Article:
Imagine needing help but not being able to ask for it. Imagine a stranger coming along and through the power of love helps you heal.

This is the gift that many drug-addicted babies receive and what many others need. Drug addicted moms give birth to babies who inherit their mother’s addiction in the womb. This causes a drug withdrawal syndrome in newborns that is called neonatal abstinence syndrome (NAS).

The bad news is these numbers are up. According to the Center for Disease Control and Prevention, since 2012 there have been five times more babies born with NAS.

The best solution is prevention, education and help — proper care and treatment for expectant moms. Babies born with drug addiction suffer. A variety of studies also show that pain and trauma early in life — physical, mental and emotional — impacts brain development, health and wellness for life.

According to Stanford Children’s Health, problems experienced by babies born to drug-addicted moms include:

  • Premature birth
  • Low birth weight
  • Birth defects
  • Microcephaly or small head circumference
  • Seizures
  • Trembling, shaking and irritability
  • Excessive, high-pitched crying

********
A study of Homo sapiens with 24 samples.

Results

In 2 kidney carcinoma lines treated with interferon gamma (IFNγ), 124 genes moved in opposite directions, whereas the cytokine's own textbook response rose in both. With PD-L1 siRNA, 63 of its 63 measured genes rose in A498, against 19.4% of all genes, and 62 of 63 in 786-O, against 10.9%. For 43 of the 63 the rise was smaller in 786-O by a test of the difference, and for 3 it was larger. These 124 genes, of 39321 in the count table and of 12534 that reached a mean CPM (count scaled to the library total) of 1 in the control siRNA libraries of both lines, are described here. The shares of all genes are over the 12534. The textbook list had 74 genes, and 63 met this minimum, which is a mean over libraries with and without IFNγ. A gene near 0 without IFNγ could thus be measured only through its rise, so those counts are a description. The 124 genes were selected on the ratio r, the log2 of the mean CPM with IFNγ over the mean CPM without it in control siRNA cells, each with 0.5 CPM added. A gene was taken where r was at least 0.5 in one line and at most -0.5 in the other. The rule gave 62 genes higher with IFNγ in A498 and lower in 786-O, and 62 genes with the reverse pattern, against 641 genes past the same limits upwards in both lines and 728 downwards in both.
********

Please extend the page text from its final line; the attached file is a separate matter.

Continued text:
• Sudden infant death syndrome
  • Vomiting and diarrhea
  • Dehydration
  • Sweating
  • Fever or unstable temperature
  • Tight muscle tone
  • Hyperactive reflexes
  • Poor feeding and suck
  • Sleep problems
  • Long-term developmental and behavioral problems

 

To help babies who are facing these problems, there is medical intervention, hope and help. Across the country, there are volunteer cuddling programs at hospitals. These programs report that being held and soothed helps babies heal and go through drug withdrawals faster.   

Nurses are often busy and unable to spend significant time comforting and consoling the babies. That is where volunteers come in, and the results are that the babies suffer less, require less treatment and medication and can go home sooner. 

Because drug-addicted babies are irritable and hard to console, interventions, such as cuddling and swaddling, give them a feeling of comfort, security and safety.

Who can help?

If you’re an expectant mom and have a drug addiction, contact Destiny Adoption to be referred to resources for medical care and drug addiction counseling. Medical professionals can help you with treatment, including administering methadone to manage opiate addiction during pregnancy.

If you’d like to volunteer for a baby cuddling program, contact your local hospital or one of the following programs:

Author: Destiny Adoption Services

Destiny Adoption Services is proud to support and guide birth parents and adoptive families on the journey of adoption. We’re a state licensed nonprofit adoption agency with four decades of adoption experience, and our professional team of experts includes moms, adoptive moms and birth mothers who provide compassion combined with trusted resources and skills.